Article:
World first ‘frozen air’ storage goes commercial

Generating energy from the air we breathe is now a step closer as the world’s first pilot plant for liquid energy storage (LAES) has been commercialised. Designed by a British […]


Generating energy from the air we breathe is now a step closer as the world’s first pilot plant for liquid energy storage (LAES) has been commercialised.

Designed by a British firm, the new process has only been tested at the pilot plant in Slough but it could now spread after getting a vote of confidence from the Messer Group last week.

The German industrial gases company has signed up for exclusive rights to use the cryogenic energy storage technology in their industrial gas markets.

The process works by cooling air until it becomes a liquid, when it is stored and then heated back to become a gas. This gas is pumped at pressure to turn a turbine, creating energy.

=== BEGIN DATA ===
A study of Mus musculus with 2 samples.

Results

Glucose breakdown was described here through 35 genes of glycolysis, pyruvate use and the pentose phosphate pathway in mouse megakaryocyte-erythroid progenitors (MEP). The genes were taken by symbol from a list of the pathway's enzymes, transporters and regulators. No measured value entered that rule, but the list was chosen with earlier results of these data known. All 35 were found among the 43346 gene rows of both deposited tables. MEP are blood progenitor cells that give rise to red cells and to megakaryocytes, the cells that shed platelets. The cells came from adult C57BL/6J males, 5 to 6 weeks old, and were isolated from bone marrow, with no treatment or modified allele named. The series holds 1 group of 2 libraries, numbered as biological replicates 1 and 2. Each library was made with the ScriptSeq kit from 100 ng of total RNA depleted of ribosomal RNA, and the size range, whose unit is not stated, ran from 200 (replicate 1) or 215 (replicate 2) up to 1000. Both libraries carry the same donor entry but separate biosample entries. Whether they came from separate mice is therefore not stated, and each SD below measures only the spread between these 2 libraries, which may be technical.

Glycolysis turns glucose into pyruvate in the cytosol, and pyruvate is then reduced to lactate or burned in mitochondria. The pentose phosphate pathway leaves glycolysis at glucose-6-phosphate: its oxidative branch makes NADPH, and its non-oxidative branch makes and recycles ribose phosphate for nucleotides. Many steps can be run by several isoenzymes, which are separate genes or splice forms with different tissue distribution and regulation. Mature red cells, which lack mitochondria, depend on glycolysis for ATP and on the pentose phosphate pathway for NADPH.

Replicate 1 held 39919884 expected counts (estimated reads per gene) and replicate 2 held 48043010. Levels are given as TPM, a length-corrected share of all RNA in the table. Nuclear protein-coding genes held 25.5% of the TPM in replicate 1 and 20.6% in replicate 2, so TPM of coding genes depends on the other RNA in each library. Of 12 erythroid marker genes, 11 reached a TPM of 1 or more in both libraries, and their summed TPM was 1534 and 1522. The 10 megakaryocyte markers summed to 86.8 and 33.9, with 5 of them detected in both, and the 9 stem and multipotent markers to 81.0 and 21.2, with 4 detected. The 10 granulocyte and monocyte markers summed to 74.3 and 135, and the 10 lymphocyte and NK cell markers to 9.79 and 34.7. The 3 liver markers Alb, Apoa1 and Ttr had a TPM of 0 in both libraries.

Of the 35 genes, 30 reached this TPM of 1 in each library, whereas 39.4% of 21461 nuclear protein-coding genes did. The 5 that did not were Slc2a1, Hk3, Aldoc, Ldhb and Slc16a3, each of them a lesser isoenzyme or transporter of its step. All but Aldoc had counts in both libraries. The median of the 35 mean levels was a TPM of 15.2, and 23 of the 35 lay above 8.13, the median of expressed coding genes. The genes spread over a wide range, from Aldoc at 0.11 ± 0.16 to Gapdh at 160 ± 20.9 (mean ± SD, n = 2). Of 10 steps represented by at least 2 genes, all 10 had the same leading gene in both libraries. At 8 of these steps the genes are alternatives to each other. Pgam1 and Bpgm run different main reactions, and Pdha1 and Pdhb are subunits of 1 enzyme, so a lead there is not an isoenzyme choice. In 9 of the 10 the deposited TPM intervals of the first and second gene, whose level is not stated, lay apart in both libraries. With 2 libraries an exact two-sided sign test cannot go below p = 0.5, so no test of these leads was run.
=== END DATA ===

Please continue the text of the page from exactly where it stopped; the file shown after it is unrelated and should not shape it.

Highview Power Storage, the UK technology developer behind the LAES says it is one of only a few technologies which can be delivered today at the 50 to 100MW scale with hundreds of megawatt hours (MWh) of energy stored.

Gareth Brett, CEO of Highview said: “With our pilot plant built out and fully operational last year, signing our first commercial agreements was always the next key step. We now have specific feasibility studies and front end engineering work to undertake but I am confident that we shall see the ground being broken for the first multi-MW plants next year.”

While today another firm, Basil Read Energy signed up to develop the technology for the South African market.